Established November 10, 1978, Theodore Roosevelt National Park is named after our 26th President and it is the only National Park in the United States that is named after a person.  Whether you are driving through the park or hiking on one of the many trails you will marvel at the different rock formations, be amazed at the abundance of wildlife and captivated by the history of the park and the man it honors.

Roosevelt first came to the Dakota Territory to hunt bison in 1883. (North Dakota didn’t become a State until 1889) It was while on his hunting expeditions in North Dakota and later as a rancher there that Theodore Roosevelt developed a growing concern for the land, the rivers and lakes and the preservation of wildlife. During his presidency Roosevelt used “his authority to protect wildlife and public lands creating the United States Forest Service (USFS)” He established 150 national forests, 51 federal bird reserves, 4 national game preserves, 5 national parks and 18 national monuments. He also created the American Antiquities Act of 1906 which would allow the President to “declare by public proclamation historic landmarks, historic and prehistoric structures, and other objects of historic and scientific interest… to be National Monuments.”

It was Theodore Roosevelt who saved the Grand Canyon. When he wanted to establish the Grand Canyon as a National Park Congress fought him so he used his executive power to protect it as a national monument in 1908. It wasn’t until 1919 that the Grand Canyon was established as a National Park.

“We have fallen heirs to the most glorious heritage a people ever received, and each one must do his part if we wish to show that the nation is worthy of its good fortune.” – Theodore Roosevelt

President Theodore Roosevelt protected over 230 million acres of public land! We owe him a debt of gratitude!

And with that we begin exploring Theodore Roosevelt National Park in North Dakota, the State that fostered our President’s love of land and wildlife.



Heading west on I-94 and before you reach Medora you will see a turn-off to Painted Canyon.  (Exit 32)  The Painted Canyon has a great overlook that will give you a glimpse of Theodore Roosevelt National Park.

The Painted Canyon Visitor Center is a great place to stop.  You will find beautiful panoramic views, exhibits and displays, Theodore Roosevelt Nature and History Association Bookstore, vending machines, and picnic shelters.  The entire facility and overlook walkways are wheelchair accessible.  The center is open from May thru October.





The 14 mile drive in the North Unit is not to be missed.  It follows the north rim of the Little Missouri River Valley and the geological formations are unique and the overlooks give you amazing views of the hills and the Little Missouri River.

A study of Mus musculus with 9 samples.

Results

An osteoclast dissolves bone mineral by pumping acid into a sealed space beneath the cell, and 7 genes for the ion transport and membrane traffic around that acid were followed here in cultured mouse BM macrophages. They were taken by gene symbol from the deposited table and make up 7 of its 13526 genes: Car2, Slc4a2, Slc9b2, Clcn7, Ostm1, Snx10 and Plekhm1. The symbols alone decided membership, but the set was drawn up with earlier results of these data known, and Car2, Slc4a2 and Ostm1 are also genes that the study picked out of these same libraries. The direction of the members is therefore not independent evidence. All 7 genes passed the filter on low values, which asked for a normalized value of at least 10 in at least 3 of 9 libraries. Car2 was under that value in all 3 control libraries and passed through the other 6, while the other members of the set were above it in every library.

Cannon ball Concretions are the most unusual formations I’ve ever seen.  It is difficult to imagine how these smooth cannon balls could be formed by wind, water and time while embedded in rock.

The Slump Formations are not that unusual, but I really appreciated that throughout the park there was signage.


The River Bend Overlook offers a breathtaking panoramic view of the Badlands.  There are also steps going down to a shelter on the overlook.  The steps and shelter were built by the Civilian Conservation Corp in the 1930s.

 Other sights in the North Unit

South Unit is a 35 mile scenic drive through the southern part of the park and can be accessed by taking Exit 27 to Medora where the South Unit Visitor Center is located.

While we saw wildlife throughout both Units they were friendlier and obviously more use to humans in the South Unit.  Some bison got a little too close for comfort.  Normally that wouldn’t alarm me but I have no idea how they react when they are with their calves. Obviously they will go to any lengths to protect them.

There is one more area in the park which is said to be very interesting and where you will a lot of wildlife.  That is The Elkhorn Ranch Unit.  This was the area that Theodore Roosevelt chose for one of his Ranches and it is where he lived when he was in North Dakota. It is said to be very beautiful.  It is also very difficult to get to.  You access it by gravel roads and the condition of those roads is not always good.  There is also a 1.5 mile round trip walk to the home site.   The rangers suggest you always check with them before you head to the Ranch.

There are several campgrounds throughout the park and numerous hiking trails. The link here rates the trails from easy to strenuous.    HIKING TRAILS

I found Theodore Roosevelt National Park a great place to spend a day or more, a great place to camp and a great place to hike.

The sun now sets over the hills and valleys that over a hundred years ago inspired a man to preserve 230 million acres of land for future generations.